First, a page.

If you are working as an independent contractor, chances are you are aware that you do not get the same benefits that an employee would get. Among other things, you do not qualify for sick pay, paid time off, vacation pay, health insurance, or any other of the number of benefits of being an employee.

Furthermore you may know that you do not qualify as eligible for workers’ compensation should you be injured on the job. For these reasons and more, it is often in a company’s best interest to claim its workers are independent contractors, even when for all intents and purposes those workers are employees. There are a number of ways worker’s comp boards determine employee status, and one is the “economic realities test.”

What is the Economic Realities Test?

The economic realities test measures the level of dependence that a worker has upon the income from the employer in question. If losing the income from the employer would constitute a major portion of their income being lost and result in the worker being unable to pay their bills, many courts and agencies will deem that worker an employee under the economic realities test.

This is as a provision of the Fair Labor Standards Act, which seeks to ensure that employees and workers are fairly treated by their employers, which includes proper classification of the work being done as either independently contracted or as an employee.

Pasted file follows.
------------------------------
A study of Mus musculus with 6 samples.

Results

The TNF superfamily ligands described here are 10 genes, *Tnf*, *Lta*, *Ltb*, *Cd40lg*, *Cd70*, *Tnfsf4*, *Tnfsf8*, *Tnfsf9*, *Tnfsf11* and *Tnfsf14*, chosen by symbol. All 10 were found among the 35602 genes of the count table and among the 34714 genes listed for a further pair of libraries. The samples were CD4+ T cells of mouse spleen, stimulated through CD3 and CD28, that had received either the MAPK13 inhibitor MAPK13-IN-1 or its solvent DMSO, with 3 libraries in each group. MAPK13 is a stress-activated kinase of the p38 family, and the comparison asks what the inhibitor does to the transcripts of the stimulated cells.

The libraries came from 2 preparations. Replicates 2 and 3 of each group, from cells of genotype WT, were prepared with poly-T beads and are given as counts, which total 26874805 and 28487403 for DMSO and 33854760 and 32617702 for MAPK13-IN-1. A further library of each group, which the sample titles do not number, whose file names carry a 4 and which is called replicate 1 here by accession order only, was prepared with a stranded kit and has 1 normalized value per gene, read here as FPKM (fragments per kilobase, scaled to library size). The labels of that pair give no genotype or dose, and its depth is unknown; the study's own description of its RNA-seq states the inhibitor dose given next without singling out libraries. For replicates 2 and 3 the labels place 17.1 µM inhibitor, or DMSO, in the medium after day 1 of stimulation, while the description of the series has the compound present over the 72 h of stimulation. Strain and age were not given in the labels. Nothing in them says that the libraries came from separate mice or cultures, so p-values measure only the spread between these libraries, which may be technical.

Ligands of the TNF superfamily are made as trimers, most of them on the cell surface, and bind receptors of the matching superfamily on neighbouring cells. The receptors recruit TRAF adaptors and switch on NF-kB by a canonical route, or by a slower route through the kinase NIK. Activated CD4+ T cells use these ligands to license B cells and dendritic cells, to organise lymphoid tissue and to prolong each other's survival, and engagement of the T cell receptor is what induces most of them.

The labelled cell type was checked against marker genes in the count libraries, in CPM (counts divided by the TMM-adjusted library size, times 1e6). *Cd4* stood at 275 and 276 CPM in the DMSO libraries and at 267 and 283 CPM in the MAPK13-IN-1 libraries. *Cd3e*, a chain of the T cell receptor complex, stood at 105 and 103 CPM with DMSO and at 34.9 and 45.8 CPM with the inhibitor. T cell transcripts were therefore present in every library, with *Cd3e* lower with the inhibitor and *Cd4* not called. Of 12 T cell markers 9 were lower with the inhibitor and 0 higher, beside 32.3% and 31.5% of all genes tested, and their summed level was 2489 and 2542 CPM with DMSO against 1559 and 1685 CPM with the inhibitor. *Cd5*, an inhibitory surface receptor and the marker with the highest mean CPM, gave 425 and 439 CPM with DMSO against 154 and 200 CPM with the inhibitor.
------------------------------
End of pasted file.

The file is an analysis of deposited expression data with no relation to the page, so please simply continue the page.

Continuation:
What Other Means are Used?

In addition to the economic realities test, other factors to be considered when determining employee status are the type of work being done, the skill level of the work and the worker, who owns the equipment being used to perform the work, and the degree of control the employer has over the worker. No one factor is a clear-cut contractor or employee marker, but taken together, all the factors help paint a clearer picture of the employment situation and help the auditor come to an informed decision.

What it Means for You

If you are currently working as an independent contractor and are hurt on the job, you may still be entitled to worker’s compensation if your employment lines up with some or all of these standards, or even if you meet the economic realities test guidelines. If you think you may qualify, contact The Workers’ Compensation Center right away to discuss the claims you may be eligible for under the law. Call now (800) 223-1866.


Evan A. Hoffman

Mr. Hoffman’s philosophy is "our knowledge and experience is your best defense." He has been a featured author on criminal law issues such as driving under the influence, domestic violence and illegal searches.